I was born in Ealing, London on October 18th 1942 - so now I am 70!! Until I was eleven my name wasn't Colin Thompson it was Colin Willment. Willment was my father's name and my mother changed it to Thompson when she married my stepfather. Looking back I wish she hadn't. She cut my father off completely and I only met him once when I was nineteen. Now he's dead so it's too late, though I recently made contact with his family through searching on the internet and found a first cousin, Robert Willment, who lives in America. So now I have a whole new family. He and his wife came over to Australia when Anne and I got married in 1999.
I went to boarding school in Yorkshire, grammar school in West London and spent two years at art school in Ealing and Hammersmith where, to my dismay, I met people who could draw much better than I could. I met my first wife at art school and not long after, met my first daughter, Charlotte.
I have worked as a silk-screen printer, a graphic designer, a stage manager in the theatre but never as a lumberjack in Canada or a sailor on a tramp-steamer in the South Seas. I studied film making for a year, got married for the second time and worked for a while making documentaries at the BBC.
In my early twenties I suffered with terrible depression and, on three different occasions, spent three months in three different mental hospitals - Springfield Hospital in south London. St Lawrence's in Bodmin in Cornwall and a long since closed down experimental unit also in south London where you actually had to 'audition' in front of the other patients and staff to be admitted! That was probably the only place that did me any good as I seemed to be surrounded by self-pitying people who saw mental illness as a competition where the aim was to be worse than everyone else. Seeing a lot of the other 59 patients being so pathetic probably made me become determined not to end up like them.
For no reason I have ever been able to explain, my depression went when I was 25 and has never returned.
If you suffer with depression ALWAYS REMEMBER it is NOT something you should ever be ashamed of and try to hide. I CAN'T EMPHASISE THIS ENOUGH. IT IS NOT YOUR FAULT. It is a genuine illness just the same as breaking your arm or having a cold. IT IS NOT SOMETHING YOU CAN JUST SNAP OUT OF and losing the shame and seeking help is the BEST THING you can do. There is always someone who will listen and understand, you just have to look for them. After all, no matter what stupid people might think, no one would ever deliberately choose to be depressed. I think I was lucky because I never felt any shame at anyone knowing I had depression. If they couldn't handle it, that was their problem.
In 1968 I went to live in Majorca but less than a year later moved with, my second wife, to a tiny island in the Outer Hebrides off the north-west coast of Scotland where we spent seven years trying to stand upright in the wind and began twenty years working in ceramics. I also tried living off the land but all I got was an acre of weeds, backache, a pet chicken and two more daughters, Hannah and Alice, though not necessarily in that order.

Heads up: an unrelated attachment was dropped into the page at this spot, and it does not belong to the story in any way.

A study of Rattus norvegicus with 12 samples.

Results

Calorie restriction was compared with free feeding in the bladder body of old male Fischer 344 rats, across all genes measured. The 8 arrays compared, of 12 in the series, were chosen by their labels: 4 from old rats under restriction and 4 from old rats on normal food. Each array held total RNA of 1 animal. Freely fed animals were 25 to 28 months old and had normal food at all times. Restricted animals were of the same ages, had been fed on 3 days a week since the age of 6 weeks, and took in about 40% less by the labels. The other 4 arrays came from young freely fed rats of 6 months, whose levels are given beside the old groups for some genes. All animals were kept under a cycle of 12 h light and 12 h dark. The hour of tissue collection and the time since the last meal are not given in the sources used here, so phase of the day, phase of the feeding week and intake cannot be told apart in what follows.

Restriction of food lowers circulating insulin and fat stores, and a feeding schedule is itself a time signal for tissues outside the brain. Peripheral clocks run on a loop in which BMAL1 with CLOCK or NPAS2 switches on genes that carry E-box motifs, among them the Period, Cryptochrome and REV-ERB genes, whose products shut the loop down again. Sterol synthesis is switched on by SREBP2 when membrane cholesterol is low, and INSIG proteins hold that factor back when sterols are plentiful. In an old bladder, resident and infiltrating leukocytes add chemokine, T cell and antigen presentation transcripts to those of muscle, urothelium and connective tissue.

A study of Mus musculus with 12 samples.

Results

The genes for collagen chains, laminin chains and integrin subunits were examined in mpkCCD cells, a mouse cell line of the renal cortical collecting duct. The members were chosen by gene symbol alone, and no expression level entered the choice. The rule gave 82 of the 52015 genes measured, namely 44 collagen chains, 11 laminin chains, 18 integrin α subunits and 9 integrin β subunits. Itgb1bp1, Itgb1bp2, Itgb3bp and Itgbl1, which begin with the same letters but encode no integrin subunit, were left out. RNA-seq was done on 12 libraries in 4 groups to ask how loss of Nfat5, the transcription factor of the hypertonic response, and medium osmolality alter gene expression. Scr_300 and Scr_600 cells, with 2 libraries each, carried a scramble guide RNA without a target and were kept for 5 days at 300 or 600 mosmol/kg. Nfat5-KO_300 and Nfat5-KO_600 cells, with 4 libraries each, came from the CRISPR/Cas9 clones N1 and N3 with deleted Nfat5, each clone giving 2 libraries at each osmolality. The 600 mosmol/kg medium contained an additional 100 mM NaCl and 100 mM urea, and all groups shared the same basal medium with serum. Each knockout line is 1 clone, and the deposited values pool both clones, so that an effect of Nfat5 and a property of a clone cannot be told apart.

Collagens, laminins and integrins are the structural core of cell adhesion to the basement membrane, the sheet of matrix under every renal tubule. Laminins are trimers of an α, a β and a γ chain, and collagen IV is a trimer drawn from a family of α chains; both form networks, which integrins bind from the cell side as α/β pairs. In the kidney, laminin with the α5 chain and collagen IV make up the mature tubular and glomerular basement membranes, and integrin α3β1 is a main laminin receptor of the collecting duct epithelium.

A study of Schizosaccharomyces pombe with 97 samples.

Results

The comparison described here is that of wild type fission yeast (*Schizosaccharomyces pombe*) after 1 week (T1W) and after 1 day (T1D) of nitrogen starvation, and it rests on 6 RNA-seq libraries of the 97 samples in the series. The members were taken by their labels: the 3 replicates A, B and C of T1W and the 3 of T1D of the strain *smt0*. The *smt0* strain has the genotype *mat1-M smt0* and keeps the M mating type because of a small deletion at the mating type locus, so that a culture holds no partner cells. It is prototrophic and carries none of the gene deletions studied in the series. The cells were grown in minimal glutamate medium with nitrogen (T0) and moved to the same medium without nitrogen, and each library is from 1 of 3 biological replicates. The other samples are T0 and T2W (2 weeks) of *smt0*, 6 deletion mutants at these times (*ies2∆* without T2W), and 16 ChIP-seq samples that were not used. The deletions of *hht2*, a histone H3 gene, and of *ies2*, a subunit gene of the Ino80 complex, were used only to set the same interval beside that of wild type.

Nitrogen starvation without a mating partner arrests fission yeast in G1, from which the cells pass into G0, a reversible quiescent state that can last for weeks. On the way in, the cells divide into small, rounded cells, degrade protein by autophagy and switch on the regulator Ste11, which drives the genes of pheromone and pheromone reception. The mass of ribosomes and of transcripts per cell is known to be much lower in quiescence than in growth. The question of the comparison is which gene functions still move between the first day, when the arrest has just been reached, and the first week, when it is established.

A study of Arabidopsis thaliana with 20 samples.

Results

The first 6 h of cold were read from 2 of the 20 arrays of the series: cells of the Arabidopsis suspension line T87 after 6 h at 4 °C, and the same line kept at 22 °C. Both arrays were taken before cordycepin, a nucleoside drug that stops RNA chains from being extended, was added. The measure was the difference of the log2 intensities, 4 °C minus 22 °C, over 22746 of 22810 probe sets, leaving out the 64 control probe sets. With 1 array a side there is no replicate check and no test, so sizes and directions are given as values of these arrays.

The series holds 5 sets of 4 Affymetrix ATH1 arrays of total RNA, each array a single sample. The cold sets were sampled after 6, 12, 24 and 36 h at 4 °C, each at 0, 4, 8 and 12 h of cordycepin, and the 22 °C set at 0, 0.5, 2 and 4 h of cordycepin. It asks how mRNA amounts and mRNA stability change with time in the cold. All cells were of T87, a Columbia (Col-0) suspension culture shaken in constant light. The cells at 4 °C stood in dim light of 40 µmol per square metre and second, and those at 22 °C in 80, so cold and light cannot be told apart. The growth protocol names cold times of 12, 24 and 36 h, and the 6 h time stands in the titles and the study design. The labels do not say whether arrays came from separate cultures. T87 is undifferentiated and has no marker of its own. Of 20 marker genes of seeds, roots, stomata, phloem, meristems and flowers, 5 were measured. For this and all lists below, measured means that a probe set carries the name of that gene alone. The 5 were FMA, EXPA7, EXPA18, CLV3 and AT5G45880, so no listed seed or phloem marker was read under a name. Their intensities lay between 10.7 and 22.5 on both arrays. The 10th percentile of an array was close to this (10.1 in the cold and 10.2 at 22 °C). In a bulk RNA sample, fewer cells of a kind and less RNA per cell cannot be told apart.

Here I am weaving Harris Tweed in my shed on the island of Great Bernera which is a dot off the west coast of The Isle of Lewis. The loom was worked by foot power which was a bit like riding a bike underwater and no fun at all. The pay was lousy too which is why we started making pottery.
In 1975 I moved to Cumbria where I lived and worked in an old farmhouse on the edge of a forest for twenty years. During this time I planted hundreds of trees and made a lake that is now home to a family of mediaeval carp. At one time my house was home for five rescued dogs and three cats.
I now have five grandchildren Ella 28, Duncan 26 and Ruth 22 who are Charlotte's children. Then there's Walter who was born in January 2006 but is actually 324 years old. Walter is Alice's son and September 2007 he got a baby brother called Donald..
In 1990 I started writing and illustrating children's books and had my first book published in March 1991. Since then I've had over 65 books published.
In March 1995 I visited a school in Sydney, Australia and fell so much in love with the place that two weeks later I came back to live here. And on April 9th 1999 I married Anne, the teacher librarian who organised my visit to the school.
In February 1999 we moved to Bellingen, inland from Coff's Harbour and about seven hours north of Sydney. It is probably the most beautiful place on earth. Click on the button below to visit Bellingen and see what in interesting place it is. In fact, why not come for a holiday?
I have always believed in the magic of childhood and think that if you get your life right that magic should never end. I feel that if a children's book cannot be enjoyed properly by adults there is something wrong with either the book or the adult reading it. This of course, is just a smart way of saying I don't want to grow up.
My favourite fruit is cherries and my favourite music is Rock and Roll and old Blues records and I am now an Australian citizen. I am left-handed and colour-blind.